Cosmetic Animal Testing


In a society where beauty is wanted and expected from most women, it should come as no surprise that cosmetic sales are on the rise. When the ideal model of “perfection” is clear skin, long, dark lashes, and rosy cheeks, those of us who aren’t blessed with such attributes run—don’t walk—to the nearest drug store. We smear pigmented oils on our face, dyes on our cheeks, and waxes directly to our eyelashes.

After looking at the ingredients listed for any one of these products, one might wonder: is this stuff safe? The answer to that question lies within a lab filled with cages of animals who know no other life than the painful one they lead within the confines of that room—but it doesn’t have to be that way.

While many—including myself—would agree that running cosmetic products through a series of tests before being sold to the masses is absolutely necessary, few are aware that there are cruelty free ways of achieving that. Alternative methods to animal testing are not only more accurate, but are also more cost effective and environmentally friendly.

The number of alternative testing methods are endless, and more in-depth than the average person would guess. Some available methods, according to “In Testing”, include in vitro (test tube) tests, computer simulations, virtual drug tests, and even micro-dosing—a process in which a live human test subject ingests low doses of a particular substance for an extended period of time as only to affect the cellular system without having negative/lasting effects on the rest of the body. These processes don’t just sound cool, either—in one study involving skin irritants, EpiDerm (one of many in vitro tests) correctly identified all of the human skin irritants, while the tests on rabbits could only detect 15 of the 25 chemicals as irritants. That’s a 40% error rate.

If accuracy isn’t your thing, maybe the cost effective aspects will convince you? Synthetic skin can provide results for tests done on chemical corrosivity somewhere between three minutes and four hours, roughly. That may not sound like much, but traditional tests done on animals can take anywhere between two to four weeks to produce results—and more conclusive tests can take upwards of five years per individual substance. Using synthetic skin saves time, money, and a lot of bunnies.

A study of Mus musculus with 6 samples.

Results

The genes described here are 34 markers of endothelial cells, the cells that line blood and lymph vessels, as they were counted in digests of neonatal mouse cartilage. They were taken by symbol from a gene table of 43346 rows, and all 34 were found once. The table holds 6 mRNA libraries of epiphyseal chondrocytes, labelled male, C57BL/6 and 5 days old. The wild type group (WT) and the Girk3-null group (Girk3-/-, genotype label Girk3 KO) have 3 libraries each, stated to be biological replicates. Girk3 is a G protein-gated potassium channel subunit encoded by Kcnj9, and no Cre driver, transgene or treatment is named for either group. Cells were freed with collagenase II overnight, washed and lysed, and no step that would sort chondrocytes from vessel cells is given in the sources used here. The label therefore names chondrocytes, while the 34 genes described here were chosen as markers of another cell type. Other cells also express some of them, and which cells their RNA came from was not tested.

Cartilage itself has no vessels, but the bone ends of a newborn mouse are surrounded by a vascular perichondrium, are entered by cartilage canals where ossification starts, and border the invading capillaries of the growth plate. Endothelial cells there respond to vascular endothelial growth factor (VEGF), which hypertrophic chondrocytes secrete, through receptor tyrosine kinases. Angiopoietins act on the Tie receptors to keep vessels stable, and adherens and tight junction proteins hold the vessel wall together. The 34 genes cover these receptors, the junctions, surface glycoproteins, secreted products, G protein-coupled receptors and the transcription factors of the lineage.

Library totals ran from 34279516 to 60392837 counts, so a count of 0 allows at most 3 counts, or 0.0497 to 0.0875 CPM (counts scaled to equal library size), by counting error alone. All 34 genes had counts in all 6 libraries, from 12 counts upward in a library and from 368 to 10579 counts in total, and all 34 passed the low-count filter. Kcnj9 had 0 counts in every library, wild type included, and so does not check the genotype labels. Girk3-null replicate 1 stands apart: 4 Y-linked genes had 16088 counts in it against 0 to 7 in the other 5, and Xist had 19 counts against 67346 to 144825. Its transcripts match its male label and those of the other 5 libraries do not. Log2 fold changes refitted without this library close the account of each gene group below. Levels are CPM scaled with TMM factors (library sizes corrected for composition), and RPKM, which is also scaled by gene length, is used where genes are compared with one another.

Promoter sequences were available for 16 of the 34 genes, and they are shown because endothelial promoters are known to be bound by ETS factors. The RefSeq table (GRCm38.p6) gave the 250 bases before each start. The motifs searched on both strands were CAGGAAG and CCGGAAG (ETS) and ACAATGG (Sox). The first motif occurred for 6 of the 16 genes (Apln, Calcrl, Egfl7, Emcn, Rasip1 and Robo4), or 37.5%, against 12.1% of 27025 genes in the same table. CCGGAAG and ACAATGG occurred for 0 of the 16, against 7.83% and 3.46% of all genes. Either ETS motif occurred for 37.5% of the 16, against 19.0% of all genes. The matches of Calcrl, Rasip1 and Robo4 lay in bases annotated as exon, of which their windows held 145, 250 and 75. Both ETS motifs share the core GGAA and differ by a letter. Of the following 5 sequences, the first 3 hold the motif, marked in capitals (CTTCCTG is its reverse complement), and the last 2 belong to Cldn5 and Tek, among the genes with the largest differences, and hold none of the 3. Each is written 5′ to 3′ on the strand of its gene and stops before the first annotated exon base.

But wait—there’s more! Have you considered what happens to these animals after the tests have been conducted? Most are euthanized once testing has been concluded, and the bodies are disposed of. Pros Versus Cons makes a good point, that this creates an environmental issue when these animals have been exposed to toxicity testing, as their bodies still contain hazardous materials. Now, their toxic carcasses are left to rot in landfills, exposing that area to whatever chemicals they were once pumped with.

Overall, stopping cosmetic animal testing isn’t just a decision of morals—it’s a decision of cost efficiency, environmental concern, and testing effectiveness. The tests we conduct are as good as useless unless we gather real, concrete data about what certain chemicals and products will do to the human body, and we simply can’t do that when we conduct those tests on animals. Furthermore, we have the technology to eliminate the use of animals in product testing, and it has even proven to be faster and cost less than using animals in labs. Lastly, by eliminating the need to dispose of contaminated bodies, we also eliminate the chemicals that are being leaked into the environment. If we stop the use of animal testing and replace it with any of the known alternatives to date, we will save money, gather more accurate results, and lessen damage done to the environment.